A heritage aid worker says Fiji's historic town of Levuka needs engineers and materials to help rebuild historic homes and infrastructure which were damaged during Cyclone Winston.
Five historic buildings at the UNESCO world heritage site on the eastern island of Ovalau were completely destroyed during the February storm.
Levuka dates from the 1820s and developed to become Fiji's first capital, before it was moved to Suva.
It was inscribed on the UNESCO world heritage list in 2013 as a rare example of a Pacific colonial port town with its stone sea wall, timber clad shops, lanes and hillside colonial-era homes.
After Winston an initial assessment found five historic buildings completely destroyed, 13 buildings with their roofs completely gone, and 20 needing minor repairs.
A heritage aid worker and former CEO of the Levuka Town Council Suliana Sandys said the listed historic homes suffered the worst.
"It's put us back a few more years. Even before Cyclone Winston we had our little challenges that we were trying to overcome but now it's even more."
"It's not only physical damage but emotional damage as well. The home owners are really feeling it having lost part of their heritage," she said.
Fiji's post cyclone rebuild is especially tricky in Levuka as many damaged buildings will need specially sawn timber to match the original wider planks of Oregon pine imported from the United States in the town's early days.
The owner of two shops in the historic town, Bhupendra Kumar, said he closed one after it was inundated by high waves during Winston.
He said other building owners are also finding it a struggle to do repairs.
"A lot of these old timbers came from the States in the old days. It's Oregon (pine). This timber, we can't get it now and unless some organisation comes in in a big way ... for example a couple of building owners because of the damage and the flooding have decided to close down."
The Vice President of the Levuka Tourism Association John MIlesi said the cyclone has set back Levuka's growing niche tourism industry.
He said after the cyclone tourist bookings fell off considerably and marketing is still proving difficult because people think the town has gone.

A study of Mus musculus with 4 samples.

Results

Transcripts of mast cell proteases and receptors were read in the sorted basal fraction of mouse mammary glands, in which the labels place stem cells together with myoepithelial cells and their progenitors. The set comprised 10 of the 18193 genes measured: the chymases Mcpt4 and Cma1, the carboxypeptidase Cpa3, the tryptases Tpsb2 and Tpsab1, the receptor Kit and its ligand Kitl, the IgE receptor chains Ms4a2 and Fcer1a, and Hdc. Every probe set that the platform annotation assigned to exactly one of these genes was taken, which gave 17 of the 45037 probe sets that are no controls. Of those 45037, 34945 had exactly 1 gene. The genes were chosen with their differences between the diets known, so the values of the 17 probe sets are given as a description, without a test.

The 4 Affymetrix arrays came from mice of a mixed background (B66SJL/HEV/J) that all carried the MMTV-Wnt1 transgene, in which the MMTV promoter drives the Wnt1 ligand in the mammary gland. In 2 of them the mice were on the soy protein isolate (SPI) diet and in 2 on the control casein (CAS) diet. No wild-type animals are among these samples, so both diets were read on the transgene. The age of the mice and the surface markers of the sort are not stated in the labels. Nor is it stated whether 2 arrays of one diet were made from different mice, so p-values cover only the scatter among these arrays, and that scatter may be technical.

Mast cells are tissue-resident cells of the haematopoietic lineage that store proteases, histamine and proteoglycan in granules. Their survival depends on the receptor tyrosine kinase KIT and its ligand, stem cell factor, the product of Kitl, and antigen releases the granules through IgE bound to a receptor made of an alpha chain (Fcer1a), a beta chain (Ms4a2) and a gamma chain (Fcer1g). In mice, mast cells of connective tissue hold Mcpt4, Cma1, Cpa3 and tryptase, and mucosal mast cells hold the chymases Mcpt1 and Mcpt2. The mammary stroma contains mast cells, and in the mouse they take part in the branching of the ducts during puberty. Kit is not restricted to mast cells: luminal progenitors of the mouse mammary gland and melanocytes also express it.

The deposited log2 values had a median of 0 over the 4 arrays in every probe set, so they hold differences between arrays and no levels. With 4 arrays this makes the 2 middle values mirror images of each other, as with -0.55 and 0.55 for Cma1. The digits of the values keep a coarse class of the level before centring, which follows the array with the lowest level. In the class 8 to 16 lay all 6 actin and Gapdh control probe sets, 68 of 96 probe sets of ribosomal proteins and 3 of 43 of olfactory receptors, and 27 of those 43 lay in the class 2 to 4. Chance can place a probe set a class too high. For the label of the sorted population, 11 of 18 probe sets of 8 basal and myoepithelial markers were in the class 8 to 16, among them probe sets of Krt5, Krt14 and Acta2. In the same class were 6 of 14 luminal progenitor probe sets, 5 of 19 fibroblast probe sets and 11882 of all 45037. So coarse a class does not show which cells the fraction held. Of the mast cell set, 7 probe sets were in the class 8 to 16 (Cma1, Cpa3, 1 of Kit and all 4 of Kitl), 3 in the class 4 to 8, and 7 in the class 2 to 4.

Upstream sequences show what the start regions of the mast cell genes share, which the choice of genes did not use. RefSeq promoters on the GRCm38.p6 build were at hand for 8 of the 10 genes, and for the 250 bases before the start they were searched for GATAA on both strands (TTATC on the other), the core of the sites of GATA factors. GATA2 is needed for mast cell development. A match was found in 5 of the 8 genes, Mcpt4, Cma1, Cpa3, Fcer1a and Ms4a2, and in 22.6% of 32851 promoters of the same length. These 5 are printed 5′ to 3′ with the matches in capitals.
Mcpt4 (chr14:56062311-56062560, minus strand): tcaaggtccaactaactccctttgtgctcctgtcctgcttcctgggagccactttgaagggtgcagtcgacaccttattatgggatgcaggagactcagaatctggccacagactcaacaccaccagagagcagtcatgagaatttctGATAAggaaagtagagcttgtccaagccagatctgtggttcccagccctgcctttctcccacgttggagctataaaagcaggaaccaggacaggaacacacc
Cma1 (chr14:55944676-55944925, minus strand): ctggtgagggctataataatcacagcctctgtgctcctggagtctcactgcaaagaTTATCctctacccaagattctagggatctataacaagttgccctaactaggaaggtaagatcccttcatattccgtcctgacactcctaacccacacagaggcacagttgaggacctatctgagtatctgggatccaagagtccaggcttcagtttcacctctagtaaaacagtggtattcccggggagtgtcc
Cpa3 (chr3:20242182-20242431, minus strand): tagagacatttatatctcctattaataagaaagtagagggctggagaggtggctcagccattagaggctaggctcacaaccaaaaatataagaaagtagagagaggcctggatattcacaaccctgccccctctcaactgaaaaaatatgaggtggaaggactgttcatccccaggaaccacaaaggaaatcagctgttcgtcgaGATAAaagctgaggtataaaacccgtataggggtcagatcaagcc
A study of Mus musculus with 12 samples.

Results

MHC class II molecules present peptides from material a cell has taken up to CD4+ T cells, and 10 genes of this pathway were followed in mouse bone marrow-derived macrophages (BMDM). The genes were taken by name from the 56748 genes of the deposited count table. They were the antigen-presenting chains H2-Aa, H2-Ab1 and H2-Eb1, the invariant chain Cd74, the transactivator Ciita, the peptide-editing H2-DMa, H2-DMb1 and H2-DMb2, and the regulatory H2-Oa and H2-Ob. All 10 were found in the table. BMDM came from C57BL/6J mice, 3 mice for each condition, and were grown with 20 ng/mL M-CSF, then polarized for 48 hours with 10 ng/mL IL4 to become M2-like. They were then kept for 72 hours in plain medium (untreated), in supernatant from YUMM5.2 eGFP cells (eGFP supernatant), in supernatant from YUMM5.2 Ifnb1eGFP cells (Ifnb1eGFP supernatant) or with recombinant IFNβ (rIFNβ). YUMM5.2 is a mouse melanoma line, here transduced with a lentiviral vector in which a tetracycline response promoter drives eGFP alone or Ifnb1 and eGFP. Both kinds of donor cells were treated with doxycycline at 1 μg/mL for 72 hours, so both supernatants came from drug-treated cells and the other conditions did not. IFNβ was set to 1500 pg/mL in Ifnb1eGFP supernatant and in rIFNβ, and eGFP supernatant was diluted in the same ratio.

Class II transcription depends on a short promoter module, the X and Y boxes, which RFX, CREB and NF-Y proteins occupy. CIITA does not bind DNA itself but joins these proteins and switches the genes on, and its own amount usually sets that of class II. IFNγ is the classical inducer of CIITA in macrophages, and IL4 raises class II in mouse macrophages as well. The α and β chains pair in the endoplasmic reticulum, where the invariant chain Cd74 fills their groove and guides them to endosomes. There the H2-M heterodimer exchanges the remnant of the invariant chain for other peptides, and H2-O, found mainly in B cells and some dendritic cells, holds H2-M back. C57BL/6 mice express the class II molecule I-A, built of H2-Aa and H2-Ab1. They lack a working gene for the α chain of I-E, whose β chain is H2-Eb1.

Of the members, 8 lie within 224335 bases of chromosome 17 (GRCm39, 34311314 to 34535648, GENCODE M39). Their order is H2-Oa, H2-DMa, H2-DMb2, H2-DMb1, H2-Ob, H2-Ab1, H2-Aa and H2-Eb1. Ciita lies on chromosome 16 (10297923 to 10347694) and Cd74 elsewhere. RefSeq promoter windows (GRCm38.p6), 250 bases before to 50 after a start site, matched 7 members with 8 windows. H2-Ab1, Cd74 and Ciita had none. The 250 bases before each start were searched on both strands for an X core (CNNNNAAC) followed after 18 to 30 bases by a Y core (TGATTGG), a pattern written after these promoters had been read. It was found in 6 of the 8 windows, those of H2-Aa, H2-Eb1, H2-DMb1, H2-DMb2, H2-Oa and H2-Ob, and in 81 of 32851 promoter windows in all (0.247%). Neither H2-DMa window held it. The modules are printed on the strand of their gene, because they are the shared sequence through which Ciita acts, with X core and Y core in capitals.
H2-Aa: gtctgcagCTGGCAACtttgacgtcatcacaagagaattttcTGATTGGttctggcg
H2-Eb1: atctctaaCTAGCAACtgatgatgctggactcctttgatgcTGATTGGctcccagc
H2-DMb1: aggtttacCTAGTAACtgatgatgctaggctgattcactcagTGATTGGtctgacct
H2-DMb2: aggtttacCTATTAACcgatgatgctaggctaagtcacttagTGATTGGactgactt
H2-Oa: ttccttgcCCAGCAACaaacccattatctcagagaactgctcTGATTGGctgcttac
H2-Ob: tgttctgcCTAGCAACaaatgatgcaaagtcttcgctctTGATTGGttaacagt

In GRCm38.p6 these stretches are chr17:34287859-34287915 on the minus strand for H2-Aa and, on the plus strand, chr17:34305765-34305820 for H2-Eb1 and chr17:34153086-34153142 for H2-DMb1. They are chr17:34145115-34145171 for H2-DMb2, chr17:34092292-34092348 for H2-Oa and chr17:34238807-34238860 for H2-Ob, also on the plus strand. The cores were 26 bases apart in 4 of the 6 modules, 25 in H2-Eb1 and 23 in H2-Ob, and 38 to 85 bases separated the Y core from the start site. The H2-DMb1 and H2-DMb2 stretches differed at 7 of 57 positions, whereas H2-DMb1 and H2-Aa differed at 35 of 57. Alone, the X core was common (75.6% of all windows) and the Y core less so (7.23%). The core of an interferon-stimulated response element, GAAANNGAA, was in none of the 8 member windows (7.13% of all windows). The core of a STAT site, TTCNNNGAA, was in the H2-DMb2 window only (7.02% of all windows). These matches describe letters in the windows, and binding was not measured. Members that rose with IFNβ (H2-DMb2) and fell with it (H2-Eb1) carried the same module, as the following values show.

But Mr Milesi is fairly optimistic and said enquiries from tourists are slowly starting to rise again.
"The town is just battered but the shops and the old buildings within the heritage site they're fine. You know there's bits of work needs to be done on them but I mean it's not totally wiped out like you would see some of the villages around here. It's just battered and a bit bruised."
John Milesi said the local economy needs the flow of tourists.
"It's most important to do that to get some money going for the people on the island. All the root crops and the veges and fruit and everything all got wiped so you have a situation where people are given rations but that only happens once a month and so they need money to be able to go the supermarket and buy food."
Ms Sandys, who works for the Japan International Cooperation Agency, is helping to put a heritage management plan in place for the town.
She said everyone needs to pull together to ensure Levuka's future.
"We need an engineer. We need a building planner. Although there's funds available, what has been poured in by government and other parties are not used accordingly . We do not have a heritage officer based in Levuka, we do not have a CEO for Levuka town council in place, (there's) the lack of legislation just to help us protect the conservation of the town."
Ms Sandys said the town also suffers from people not respecting the town's historic nature and she says there needs to be stiffer penalties and more understanding of the town's heritage.